Penguin
prints


First seen at an ICA Group show in 1996, Miller’s Penguin Prints, the now-iconic book jacket paintings, were what propelled him to art-world acclaim. The founder of White Cube gallery Jay Jopling, who visited the exhibition, saw great potential in the Penguin works and arranged a studio visit with Miller. He has been represented by White Cube ever since and is now amongst the gallery’s most sought-after artists.

Harland Miller’s prints and paintings based on dust jackets came from his stumbling upon a box of Penguin Books outside a second-hand English bookstore in Paris in 1992. Their dusty, old and damp smell apparently reminded him of Northern England and his hometown of Yorkshire. This is when he experienced a “Eureka!” moment:

‘I realised that the design of those classics would throw all the focus on to the title of the book, which is exactly what I wanted to do.(…) People are so used to the format already with the text in the middle that you could really say whatever you wanted.’

Why are the Penguin Prints collection important?

In terms of their artistic style, the Penguin prints are influenced by both Pop Art and Abstract Expressionism, infused with the conceptual aspect of the written word. Miller is interested in Pop Art’s ideas of challenging authenticity and overriding authorship; most of his works feature him as the author and were given humorous titles such as From Rags To Polyester; Bridlington, Ninety Three Million Miles From The Sun and York, So Good They Named It Once. A further play on authorship is his occasional use of other famous existing authors. These works proved to be highly popular, such as Animal Husbandry – Charles Bukowski, sold for £32,500 and Ignore All Alien OrdersAldous Huxley fetching for £60,000 with Phillips Auction House, both well above their original estimates.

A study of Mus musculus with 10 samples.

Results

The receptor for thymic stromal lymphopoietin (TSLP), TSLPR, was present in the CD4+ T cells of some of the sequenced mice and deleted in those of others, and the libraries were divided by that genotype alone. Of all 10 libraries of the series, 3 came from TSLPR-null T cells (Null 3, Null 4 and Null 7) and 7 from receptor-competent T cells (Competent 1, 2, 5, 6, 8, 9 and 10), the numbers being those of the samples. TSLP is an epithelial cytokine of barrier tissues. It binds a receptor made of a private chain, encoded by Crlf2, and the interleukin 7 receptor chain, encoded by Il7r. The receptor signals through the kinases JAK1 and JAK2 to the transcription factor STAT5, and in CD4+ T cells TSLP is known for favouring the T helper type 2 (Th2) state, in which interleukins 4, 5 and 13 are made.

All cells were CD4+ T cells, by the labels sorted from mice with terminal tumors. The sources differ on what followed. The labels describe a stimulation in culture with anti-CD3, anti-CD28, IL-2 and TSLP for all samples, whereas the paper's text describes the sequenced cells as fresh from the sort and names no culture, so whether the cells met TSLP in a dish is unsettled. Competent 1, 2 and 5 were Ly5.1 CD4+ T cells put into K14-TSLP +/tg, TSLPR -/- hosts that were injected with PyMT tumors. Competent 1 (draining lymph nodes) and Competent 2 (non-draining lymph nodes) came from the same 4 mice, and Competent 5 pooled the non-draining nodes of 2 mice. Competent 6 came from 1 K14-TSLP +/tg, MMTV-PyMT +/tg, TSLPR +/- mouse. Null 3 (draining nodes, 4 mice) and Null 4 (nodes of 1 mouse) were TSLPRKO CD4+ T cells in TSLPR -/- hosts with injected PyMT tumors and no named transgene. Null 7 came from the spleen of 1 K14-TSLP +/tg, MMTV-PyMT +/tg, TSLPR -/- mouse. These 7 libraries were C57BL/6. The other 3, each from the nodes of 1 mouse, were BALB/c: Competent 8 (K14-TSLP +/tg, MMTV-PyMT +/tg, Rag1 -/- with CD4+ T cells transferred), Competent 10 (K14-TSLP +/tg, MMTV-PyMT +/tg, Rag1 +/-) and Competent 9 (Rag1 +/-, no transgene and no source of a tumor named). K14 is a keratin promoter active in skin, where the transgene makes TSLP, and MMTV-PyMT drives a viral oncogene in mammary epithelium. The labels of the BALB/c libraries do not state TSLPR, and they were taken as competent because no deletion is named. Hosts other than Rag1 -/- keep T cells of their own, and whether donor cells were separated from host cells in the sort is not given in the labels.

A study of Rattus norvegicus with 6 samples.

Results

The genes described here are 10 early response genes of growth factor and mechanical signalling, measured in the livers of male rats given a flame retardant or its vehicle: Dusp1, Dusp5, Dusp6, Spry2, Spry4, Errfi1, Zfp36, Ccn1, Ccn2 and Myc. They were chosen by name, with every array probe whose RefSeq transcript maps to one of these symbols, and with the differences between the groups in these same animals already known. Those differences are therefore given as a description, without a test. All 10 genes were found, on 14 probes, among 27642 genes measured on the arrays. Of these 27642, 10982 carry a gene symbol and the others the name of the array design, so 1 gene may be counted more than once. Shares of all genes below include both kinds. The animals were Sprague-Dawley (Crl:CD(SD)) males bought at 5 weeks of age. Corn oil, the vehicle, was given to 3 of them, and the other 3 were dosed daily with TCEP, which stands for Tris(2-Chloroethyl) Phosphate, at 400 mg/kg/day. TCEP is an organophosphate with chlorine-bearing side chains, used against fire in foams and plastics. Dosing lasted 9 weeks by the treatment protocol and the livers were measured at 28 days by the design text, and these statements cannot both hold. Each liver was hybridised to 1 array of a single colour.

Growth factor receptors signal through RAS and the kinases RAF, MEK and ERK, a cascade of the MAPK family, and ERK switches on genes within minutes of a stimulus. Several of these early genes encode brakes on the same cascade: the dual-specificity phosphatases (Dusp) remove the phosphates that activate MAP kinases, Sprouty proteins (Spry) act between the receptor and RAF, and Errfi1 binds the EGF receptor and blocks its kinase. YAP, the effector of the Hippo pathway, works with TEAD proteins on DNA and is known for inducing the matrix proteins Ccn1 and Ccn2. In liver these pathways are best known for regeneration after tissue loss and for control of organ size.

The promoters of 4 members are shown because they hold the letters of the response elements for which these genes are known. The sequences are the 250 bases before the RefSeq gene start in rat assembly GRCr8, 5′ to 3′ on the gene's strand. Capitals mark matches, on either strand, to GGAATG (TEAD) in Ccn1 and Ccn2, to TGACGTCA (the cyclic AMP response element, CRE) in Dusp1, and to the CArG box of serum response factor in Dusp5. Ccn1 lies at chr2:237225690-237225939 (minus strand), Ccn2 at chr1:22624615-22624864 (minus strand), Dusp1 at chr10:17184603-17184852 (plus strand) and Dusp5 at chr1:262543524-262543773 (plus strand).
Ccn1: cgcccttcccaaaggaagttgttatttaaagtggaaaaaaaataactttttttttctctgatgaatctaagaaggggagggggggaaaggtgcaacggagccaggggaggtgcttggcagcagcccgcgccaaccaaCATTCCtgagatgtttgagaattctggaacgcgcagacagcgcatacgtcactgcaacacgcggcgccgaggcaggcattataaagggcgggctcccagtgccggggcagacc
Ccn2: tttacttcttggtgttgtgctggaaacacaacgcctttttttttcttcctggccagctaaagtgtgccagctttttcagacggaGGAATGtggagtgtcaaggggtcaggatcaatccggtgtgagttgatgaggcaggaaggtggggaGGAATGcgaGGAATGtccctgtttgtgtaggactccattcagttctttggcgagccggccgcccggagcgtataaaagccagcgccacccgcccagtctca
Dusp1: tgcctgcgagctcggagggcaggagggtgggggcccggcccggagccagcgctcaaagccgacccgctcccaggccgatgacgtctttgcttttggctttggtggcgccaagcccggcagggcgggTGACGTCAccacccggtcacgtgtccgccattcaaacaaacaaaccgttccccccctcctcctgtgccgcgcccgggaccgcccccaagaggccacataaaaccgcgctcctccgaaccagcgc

The Penguin collection represents an exploration of the relationship between text, colour and their effect on the audience, while simultaneously formulating poignant social critique. Miller cites the likes of Ed Ruscha, Robert Rauschenberg, Anselm Kiefer and most importantly Mark Rothko as his main artistic influences.


Miller’s Penguin collection has enjoyed an impressive and enduring popularity, both the original paintings and his editions. Their market has been attracting many famous collectors to invest in his artworks with pieces often fetching a lot higher than their estimated prices. The artist’s most impressive results at auction include This Is Where It's Fucking At sold for £75,000 in 2016, going above its estimate of £20,000-£30,000 at Sotheby’s Contemporary Art Fair. In addition, I'm So Fucking Hard - Ernest Hemingway valued originally at £20,000- £30,000, sold for £50,000 by Phillip's.